How to Respond to a Tornado Warning While You're Driving
No matter how much car insurance you have, driving during a tornado warning isn't worth the risk. Not only can you damage your vehicle, tornadoes can cause injuries and even death.
Here’s how you should respond to tornado warnings and what to do if you find yourself facing a severe weather threat as you’re driving.
Don’t drive if there’s a tornado warning
The best way to stay safe during a tornado warning is to avoid driving at all. This sounds like obvious advice, but some drivers chase storms and tornadoes. However, weather conditions can also change unexpectedly.
Thankfully, there are plenty of tools available for your smartphone that can alert you to nearby tornado warnings. As The Drive makes clear, a good weather app on your smartphone can be life-saving.
The Drive recommends WeatherBug or National Oceanic and Atmospheric Administration’s (NOAA) official app. Check your weather app's settings to make sure you'll see tornado warnings and other severe weather alerts.
You also want to make sure you have a good navigation app; if you do get a tornado warning alert, you'll need to find a place for shelter. You can save your local news radio station as a preset option to quickly jump to any weather warnings.
Before you head out for a drive, check local weather forecasts and plan your route to avoid warning areas. Keep an eye on the conditions while you're driving, and pull over safely to check on the forecast if it seems like the weather is getting worse.
How to stay safe in a storm
While experts emphasize that not driving at all is the safest option, it’s not always easy to predict when bad weather is coming. Storms, especially tornadoes, can pop up quickly and travel unpredictably. If you're driving and you get a tornado warning alert on your phone or the radio, you need to take immediate action.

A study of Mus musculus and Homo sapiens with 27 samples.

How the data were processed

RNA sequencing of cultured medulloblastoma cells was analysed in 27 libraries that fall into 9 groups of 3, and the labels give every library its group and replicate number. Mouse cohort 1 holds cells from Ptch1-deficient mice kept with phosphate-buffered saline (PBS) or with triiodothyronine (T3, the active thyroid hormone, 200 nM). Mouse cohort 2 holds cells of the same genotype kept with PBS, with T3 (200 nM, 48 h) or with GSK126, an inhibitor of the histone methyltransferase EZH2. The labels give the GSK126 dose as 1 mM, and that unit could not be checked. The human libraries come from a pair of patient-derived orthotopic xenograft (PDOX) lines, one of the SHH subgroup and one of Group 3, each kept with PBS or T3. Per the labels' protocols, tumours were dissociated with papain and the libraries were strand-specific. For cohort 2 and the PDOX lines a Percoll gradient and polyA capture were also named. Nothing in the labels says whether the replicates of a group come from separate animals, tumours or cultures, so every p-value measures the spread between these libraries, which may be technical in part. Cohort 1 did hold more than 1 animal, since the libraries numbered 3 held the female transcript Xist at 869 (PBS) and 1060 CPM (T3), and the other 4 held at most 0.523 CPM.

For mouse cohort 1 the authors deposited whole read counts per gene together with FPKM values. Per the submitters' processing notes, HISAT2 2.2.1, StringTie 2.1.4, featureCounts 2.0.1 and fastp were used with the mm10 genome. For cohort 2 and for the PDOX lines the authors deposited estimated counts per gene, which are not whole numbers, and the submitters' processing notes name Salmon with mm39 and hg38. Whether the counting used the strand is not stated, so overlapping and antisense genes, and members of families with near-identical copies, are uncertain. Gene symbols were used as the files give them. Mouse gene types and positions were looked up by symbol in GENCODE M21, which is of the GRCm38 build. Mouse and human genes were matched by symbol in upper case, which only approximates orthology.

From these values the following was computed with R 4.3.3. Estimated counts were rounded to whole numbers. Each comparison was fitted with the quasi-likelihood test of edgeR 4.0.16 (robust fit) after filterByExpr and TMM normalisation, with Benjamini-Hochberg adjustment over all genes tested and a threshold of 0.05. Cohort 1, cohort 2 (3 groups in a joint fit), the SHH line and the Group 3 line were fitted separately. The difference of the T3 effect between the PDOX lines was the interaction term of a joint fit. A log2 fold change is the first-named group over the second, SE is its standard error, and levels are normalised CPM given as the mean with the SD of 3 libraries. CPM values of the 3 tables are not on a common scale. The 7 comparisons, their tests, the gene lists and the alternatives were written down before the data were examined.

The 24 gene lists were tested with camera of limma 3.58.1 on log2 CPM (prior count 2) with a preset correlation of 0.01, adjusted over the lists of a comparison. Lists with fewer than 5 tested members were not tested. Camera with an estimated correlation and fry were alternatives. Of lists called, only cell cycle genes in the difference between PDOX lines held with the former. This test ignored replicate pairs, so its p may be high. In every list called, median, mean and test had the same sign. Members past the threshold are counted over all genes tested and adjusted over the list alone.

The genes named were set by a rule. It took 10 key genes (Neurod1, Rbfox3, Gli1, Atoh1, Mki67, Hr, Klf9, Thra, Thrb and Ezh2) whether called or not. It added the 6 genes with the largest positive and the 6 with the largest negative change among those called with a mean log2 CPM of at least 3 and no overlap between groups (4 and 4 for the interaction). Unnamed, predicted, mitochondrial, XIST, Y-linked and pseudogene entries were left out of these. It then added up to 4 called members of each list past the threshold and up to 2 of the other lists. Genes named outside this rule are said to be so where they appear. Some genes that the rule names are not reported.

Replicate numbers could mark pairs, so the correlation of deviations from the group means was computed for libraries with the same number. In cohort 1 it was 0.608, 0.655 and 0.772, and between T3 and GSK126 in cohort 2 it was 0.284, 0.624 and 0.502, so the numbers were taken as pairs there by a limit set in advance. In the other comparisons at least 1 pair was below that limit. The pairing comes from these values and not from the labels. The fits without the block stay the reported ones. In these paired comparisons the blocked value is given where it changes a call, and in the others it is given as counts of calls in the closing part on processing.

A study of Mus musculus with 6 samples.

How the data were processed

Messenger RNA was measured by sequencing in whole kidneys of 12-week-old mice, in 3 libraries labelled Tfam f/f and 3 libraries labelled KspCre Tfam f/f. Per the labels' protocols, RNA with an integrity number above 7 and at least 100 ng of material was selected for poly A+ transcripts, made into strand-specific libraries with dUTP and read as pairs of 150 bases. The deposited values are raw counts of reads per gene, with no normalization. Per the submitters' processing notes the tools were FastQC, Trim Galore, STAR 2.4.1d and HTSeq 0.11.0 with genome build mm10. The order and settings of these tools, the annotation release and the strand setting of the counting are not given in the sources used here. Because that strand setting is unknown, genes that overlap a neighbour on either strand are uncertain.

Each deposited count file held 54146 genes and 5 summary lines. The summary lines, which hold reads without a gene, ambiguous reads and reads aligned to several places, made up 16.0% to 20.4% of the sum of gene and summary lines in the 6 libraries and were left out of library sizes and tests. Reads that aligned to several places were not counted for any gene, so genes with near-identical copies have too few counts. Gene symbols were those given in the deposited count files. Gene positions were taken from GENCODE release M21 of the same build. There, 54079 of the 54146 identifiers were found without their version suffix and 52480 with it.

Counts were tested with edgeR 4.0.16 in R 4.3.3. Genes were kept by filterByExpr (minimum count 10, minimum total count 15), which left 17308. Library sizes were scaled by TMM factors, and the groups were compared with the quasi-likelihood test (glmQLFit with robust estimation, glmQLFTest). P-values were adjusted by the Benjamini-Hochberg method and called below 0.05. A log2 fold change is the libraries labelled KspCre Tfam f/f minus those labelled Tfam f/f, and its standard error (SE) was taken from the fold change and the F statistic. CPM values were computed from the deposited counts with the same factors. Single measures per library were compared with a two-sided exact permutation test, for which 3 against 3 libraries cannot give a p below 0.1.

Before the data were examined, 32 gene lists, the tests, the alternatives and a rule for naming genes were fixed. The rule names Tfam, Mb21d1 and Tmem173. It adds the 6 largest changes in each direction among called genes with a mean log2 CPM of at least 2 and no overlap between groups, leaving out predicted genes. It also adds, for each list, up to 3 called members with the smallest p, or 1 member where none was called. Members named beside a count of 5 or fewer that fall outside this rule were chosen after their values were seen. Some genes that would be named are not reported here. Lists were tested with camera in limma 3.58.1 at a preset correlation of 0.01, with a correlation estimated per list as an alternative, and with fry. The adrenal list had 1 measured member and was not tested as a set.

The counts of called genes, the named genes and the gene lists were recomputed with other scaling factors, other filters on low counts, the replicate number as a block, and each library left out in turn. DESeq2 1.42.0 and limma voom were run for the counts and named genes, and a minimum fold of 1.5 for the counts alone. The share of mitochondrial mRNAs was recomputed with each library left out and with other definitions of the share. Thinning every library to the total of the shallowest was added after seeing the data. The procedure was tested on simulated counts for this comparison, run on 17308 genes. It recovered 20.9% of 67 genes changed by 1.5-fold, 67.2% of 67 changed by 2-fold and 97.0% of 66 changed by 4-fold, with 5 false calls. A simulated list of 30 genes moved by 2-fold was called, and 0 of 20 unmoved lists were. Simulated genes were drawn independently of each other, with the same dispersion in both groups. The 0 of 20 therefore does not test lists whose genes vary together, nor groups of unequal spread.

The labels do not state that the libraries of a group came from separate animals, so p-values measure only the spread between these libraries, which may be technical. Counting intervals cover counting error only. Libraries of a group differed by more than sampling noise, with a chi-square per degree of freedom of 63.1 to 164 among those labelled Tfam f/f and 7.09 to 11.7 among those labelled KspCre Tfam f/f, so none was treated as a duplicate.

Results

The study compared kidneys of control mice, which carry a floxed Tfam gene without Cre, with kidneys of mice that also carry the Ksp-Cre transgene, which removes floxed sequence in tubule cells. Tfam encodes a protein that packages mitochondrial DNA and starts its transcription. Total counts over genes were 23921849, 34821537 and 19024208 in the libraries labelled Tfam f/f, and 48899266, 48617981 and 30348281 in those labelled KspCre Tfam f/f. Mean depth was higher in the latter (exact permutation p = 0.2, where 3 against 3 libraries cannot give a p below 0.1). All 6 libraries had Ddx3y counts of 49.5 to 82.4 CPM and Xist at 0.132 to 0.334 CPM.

The best option is to find a building for shelter. Try to find the nearest gas station, rest stop, or other solid structure and wait out the storm there. That being said, don't try to outrun a tornado.
If you can't make it to shelter, NOAA offers advice for surviving a tornado in or near your car:
- Pull off of the road, keep your seatbelt on, and lower your head below window level
- Cover your head with your hands or a blanket if you can
- Do not pull your car under a bridge; the hazards are greater than the minimal protection
- You might have to head for a ditch, but this should be one of your last resorts
What to do after a tornado has passed
After you've gone through the harrowing experience of a tornado, take some time to make sure you’re okay. If you’re uninjured, you'll want to check your car for damage.
A comprehensive car insurance plan will usually cover damage caused by tornadoes or other natural disasters. Document the damage to your vehicle and file a claim as soon as you can. It's best to ensure you have the coverage you need before you encounter severe weather or get involved in other accidents.